Our commitment to transparency
The processes and resources (collection of water in the environment, its conversion into potable water, delivery to the home and return to nature) that allow you to have access to quality water comprise a whole series of factors that are reflected in the various components of your water bill (water, treatment, upgrade levy, sanitation and disposal).
What does a customer pay for? Much more than a product, a service.
The invoice received by each customer consists of three amounts:
- Service charge: This includes two amounts, one for the supply of water (the water that reaches the home) and one for sanitation (water that goes through the drainage system).
- Investment. The purpose of this investment is to maintain the sewer system and water infrastructure
At aqualia, there are three procedures for calculating each consumption in a reliable manner without errors. The most frequently-used procedure consists of calculating differences in meter readings. As this is not always possible, one can also estimate consumption; to do this, invoices for similar periods in the previous two years are used. The third option is to conduct an assessment of consumption, a method used when the meter is out of order or one annual meter reading has been possible.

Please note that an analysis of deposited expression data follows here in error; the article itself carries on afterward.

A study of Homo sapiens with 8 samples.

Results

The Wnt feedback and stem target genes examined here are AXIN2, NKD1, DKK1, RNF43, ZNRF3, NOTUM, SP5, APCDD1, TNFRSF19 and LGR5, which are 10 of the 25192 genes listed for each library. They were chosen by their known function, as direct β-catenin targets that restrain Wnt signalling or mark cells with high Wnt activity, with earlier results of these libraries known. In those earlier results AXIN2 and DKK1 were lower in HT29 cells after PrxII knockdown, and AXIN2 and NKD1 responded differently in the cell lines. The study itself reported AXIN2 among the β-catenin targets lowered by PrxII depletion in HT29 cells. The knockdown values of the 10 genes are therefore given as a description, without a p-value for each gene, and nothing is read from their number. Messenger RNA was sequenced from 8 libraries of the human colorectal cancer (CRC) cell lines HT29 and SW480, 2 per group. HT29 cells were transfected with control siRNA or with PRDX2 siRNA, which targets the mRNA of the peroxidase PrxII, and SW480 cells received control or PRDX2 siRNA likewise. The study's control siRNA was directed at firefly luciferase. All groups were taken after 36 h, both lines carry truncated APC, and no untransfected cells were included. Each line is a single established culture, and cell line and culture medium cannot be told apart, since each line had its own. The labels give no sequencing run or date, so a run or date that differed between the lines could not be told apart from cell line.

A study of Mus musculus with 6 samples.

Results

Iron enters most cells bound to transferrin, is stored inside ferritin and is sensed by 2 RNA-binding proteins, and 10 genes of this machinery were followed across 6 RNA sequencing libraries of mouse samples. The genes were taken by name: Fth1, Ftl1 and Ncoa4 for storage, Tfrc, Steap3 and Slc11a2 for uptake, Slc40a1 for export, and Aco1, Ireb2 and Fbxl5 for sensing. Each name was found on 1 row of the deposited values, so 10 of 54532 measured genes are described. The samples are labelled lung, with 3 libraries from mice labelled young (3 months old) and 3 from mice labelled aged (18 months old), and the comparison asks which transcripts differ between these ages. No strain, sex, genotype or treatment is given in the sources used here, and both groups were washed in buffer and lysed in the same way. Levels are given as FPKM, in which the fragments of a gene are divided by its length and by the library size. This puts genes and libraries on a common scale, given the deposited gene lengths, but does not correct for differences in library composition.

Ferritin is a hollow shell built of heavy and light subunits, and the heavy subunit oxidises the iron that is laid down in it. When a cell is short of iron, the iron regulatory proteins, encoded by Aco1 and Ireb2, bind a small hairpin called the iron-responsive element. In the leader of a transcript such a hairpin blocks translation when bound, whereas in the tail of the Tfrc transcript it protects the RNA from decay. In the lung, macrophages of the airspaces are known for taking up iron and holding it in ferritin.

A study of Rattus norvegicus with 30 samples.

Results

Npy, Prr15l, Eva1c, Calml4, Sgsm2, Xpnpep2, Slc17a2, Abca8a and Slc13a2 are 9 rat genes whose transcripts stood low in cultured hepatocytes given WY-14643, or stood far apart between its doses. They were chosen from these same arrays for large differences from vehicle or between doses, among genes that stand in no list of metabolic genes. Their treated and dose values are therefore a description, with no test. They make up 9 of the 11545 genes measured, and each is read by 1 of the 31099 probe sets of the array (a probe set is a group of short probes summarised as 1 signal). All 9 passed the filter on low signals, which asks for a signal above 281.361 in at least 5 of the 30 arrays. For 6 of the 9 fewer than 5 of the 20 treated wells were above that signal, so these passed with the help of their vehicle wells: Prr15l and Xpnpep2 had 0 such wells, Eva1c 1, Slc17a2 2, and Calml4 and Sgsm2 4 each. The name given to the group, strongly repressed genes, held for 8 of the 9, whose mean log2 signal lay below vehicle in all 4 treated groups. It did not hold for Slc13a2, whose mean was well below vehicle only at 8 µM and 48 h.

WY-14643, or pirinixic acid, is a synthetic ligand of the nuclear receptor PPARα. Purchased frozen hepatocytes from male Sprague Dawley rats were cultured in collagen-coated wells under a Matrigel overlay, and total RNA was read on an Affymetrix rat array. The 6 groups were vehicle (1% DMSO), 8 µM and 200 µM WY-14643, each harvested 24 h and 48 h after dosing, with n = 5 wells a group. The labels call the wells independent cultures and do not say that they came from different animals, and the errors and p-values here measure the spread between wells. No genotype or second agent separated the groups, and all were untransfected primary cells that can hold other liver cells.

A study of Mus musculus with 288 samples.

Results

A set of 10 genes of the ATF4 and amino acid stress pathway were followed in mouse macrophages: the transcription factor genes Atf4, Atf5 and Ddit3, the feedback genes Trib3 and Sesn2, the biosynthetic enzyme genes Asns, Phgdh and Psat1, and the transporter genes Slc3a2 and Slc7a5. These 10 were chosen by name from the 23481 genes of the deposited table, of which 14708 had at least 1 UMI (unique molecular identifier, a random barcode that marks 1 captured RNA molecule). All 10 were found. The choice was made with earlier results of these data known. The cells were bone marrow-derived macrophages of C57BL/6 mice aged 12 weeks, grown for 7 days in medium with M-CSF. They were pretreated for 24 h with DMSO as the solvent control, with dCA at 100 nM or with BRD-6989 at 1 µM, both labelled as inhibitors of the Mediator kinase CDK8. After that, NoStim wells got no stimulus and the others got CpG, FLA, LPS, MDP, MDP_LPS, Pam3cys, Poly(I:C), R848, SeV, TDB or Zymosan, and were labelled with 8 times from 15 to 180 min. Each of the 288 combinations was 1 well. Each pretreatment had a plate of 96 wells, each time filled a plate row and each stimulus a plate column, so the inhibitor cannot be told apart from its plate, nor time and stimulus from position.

On a much more general level, when calculating the price of water in different countries the availability, quality and volume of water resources, as well as population density, are taken into account.
In Spain, average household water consumption is 171 litres per person per day, according to the INE. However, the European Water Association (EWA) has calculated that on average, each person in Spain consumes 265 litres of water per day. It is difficult to obtain reliable data on household water consumption; nevertheless, regardless of which figure is used, Spain is one of the world’s leading consumers of water per head of population. Moreover, according to the International Water Association (IWA), Spain is one of the five cheapest countries in the EU in terms of water prices.
The Water Framework Directive (2000/60/CE) is the document that determines water policy in countries of the EU. It specifies that the price charged to consumers must cover the total cost of supply. The directive aims to promote the sustainable use of water and to improve the condition of aquatic ecosystems. This would mean that the price we pay for water should include the cost of works carried out to preserve aquatic environments where waste water is disposed of.